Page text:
Qualifier Stiefelmeyer Earns First Louisville Title in Men's All American Championships; Tennessee's Reese and Libietis Claim Second Doubles Crown



Qualifier Sebastian Stiefelmeyer of Louisville served up one last upset Monday, beating No. 2 seed Yannick Hanfmann of Southern Cal 6-3, 6-2 to claim his school's first ITA All-American title.  The senior from Austria, with an ITA preseason ranking of 110, won nine matches in eight days to give the Cardinals their first men's national title in tennis.  For more on Stiefelmeyer's win see the Louisville website.


The men's singles trophy may have a new home, with Louisville ending Virginia's streak of four straight men's champions, but the doubles trophy will stay in Knoxville.  2013 champions and top seeds Hunter Reese and Mikelis Libietis of Tennessee retained their title with a 6-3, 6-4 win over unseeded Hanfmann and Roberto Quiroz Monday afternoon in Tulsa.
Reese and Liebiets, the reigning NCAA champions, will go for a calender slam next month at the Indoor Championships in New York, where they reached the final last year.   For more on their run to another major title, see the Tennessee website.

The consolation singles title went to UCLA's Mackenzie McDonald, who defeated Chris Diaz of Ohio State 7-6(6), 6-1.  With his win, McDonald will receive automatic entry into the Indoor Intercollegiate Championships.

15 comments:

Austin said...

This is the most surprising/baffling champion I have seen in college tennis. Stifelmayer has play 1 or 2 for Louisville every year, but never any results on this level, wow! Congrats to him, wonder if he can keep it going into the spring season.

Alex said...

Did you get your typical video for the finalists since you were there?

Colette Lewis said...

No video of the college final. I was concentrating on the juniors today.

Not really tennis anymore.. said...

Get use to unpredictable results where you don't have to be the strongest player to win anymore. Welcome to the new world of no ad scoring in college tennis. Such a loss.

It is officially tennis for little old ladies at the country club.

Let me know when tennis returns to college.

Joe said...

Did you ever think maybe Stiefelmeyer earned his victory by putting in lots of intense training during the summer, which can't be said for the majority of the other players. Most took the summer off. Guess playing college tennis is too hard for them.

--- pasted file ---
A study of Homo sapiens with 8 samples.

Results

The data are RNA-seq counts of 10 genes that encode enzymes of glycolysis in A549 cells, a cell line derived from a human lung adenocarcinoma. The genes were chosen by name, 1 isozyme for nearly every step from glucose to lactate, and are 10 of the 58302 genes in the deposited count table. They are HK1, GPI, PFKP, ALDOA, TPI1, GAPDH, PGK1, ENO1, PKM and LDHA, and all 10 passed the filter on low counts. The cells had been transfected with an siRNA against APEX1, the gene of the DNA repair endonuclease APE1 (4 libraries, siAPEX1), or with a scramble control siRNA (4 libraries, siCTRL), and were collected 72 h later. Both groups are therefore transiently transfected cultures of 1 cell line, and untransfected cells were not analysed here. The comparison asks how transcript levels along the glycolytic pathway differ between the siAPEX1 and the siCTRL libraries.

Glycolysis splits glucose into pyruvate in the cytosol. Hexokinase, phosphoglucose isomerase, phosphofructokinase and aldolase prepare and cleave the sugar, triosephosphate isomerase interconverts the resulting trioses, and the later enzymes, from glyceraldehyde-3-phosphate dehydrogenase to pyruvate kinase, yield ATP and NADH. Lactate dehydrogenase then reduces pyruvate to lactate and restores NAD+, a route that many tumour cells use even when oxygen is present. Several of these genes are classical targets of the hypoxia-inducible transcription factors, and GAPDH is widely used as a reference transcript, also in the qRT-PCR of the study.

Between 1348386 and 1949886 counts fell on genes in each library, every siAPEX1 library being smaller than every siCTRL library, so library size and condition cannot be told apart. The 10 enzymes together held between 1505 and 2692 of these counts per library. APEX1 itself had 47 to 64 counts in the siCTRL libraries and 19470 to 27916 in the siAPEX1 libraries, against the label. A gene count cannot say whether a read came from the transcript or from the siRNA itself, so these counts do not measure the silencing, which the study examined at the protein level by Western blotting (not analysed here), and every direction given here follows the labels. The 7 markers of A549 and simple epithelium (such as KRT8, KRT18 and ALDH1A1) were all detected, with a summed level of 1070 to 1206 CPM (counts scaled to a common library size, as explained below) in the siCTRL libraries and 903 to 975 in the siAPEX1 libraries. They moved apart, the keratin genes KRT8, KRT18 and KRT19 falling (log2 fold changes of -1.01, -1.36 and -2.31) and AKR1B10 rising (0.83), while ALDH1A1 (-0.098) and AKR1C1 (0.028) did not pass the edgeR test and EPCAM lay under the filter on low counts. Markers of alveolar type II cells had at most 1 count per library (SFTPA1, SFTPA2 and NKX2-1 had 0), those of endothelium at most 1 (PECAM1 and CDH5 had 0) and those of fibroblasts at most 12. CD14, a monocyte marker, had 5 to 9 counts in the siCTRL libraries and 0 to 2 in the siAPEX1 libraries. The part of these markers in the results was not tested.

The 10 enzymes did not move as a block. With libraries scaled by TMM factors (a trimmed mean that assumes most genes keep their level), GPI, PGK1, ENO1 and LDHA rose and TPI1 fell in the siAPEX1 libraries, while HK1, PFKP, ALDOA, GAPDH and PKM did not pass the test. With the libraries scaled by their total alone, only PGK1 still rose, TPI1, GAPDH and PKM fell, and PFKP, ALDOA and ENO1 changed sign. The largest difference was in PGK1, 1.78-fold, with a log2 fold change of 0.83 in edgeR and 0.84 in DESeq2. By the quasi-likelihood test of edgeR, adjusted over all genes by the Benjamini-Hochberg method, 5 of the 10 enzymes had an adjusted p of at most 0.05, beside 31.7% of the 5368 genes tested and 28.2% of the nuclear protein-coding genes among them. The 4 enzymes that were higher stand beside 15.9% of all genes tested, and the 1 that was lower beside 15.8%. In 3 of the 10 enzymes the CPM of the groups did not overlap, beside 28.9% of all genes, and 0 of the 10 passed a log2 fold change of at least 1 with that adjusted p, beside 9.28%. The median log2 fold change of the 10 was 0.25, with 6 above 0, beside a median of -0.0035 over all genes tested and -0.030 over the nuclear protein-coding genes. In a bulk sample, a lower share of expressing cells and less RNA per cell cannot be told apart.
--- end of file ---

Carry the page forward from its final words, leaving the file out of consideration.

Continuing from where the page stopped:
get real said...

to Joe...curious...where did you get impression most D1 players took the summer off? If that is true logical to argue the majority of college players themselves don't have higher aspirations in the sport or look at college tennis to develop their games for the next level.

Joe said...

Get Real,

If you search the summer ITF circuit, you will see very few examples of D1 players playing tournaments. yes there are exceptions. Looking at those playing the ITA All American, those that did play futures throughout the summer lost either in qualies or early in the main draw. Yes, there are exceptions....

Martyn Collins said...

What are any of you arguing over. Internationally developed semi pros from neighboring countries that are playing No Ad. College tennis was in many ways already farcing it up the same way as college football and basketball, with no revenue to show. Go pro or go home. Or at least get a 14 handle on your Universal Tennis rating before carping about real tennis.

What are you saying? said...

Maybe some of the posters here should have gone to college to get a handle on their writing skills. Fragments, contradictions, and run on sentences seem to rule these posts, most don't make any sense.

Agree with above, no ad will yield unworthy results/rankings all year. Being the best in this era will always be qualified with this scoring system. The true best cannot exist in a game that is not played to the official criteria.

5.0 Player said...

What are you saying- You should have been more careful when criticizing the writing of others.

You wrote: "Fragments, contradictions, and run on sentences seem to rule these posts, most don't make any sense." This sentence is grammatically incorrect. The clause "...most don't make any sense" should be a separate sentence or it should have been set off with a semicolon rather than merely a comma. You can't connect two complete sentence by a comma alone.

This is known as a "comma splice" which is two complete sentences connected by a comma alone.

Correcting the correction said...

Actually those are not independent clauses and a comma is acceptable. I recommend the Chicago Manual of Style.

5.0 Player said...

Correcting- You are flatly wrong. It is a fact (not an opinion) that those are two independent clauses, because they can stand alone as separate sentences. That is the definition of an independent clause. Therefore, they cannot be connected by a comma. Making reference to the "Chicago Manual of Style" (whatever that is) does not change the accepted definition of an independent clause.

I challenge you to show me where this source changes the definition of what an independent clause is.

I realize that this is a digression, but I believe it is important grammatical information for all those junior and college players (and their parents) who visit this blog.

curious said...

Do the ITF kids play no-ad in Tulsa?

Colette Lewis said...

just in doubles

William Strunk, Jr. and E. B. White said...

They are independent clauses, but they can be sperated with a comma as long as you use a conjunction such as "but", "or", "so" or something like that. See what I did there ? So as written I don't think it's correct. It would need to have been "...rule these posts, but most don't make any sense" or something of that nature.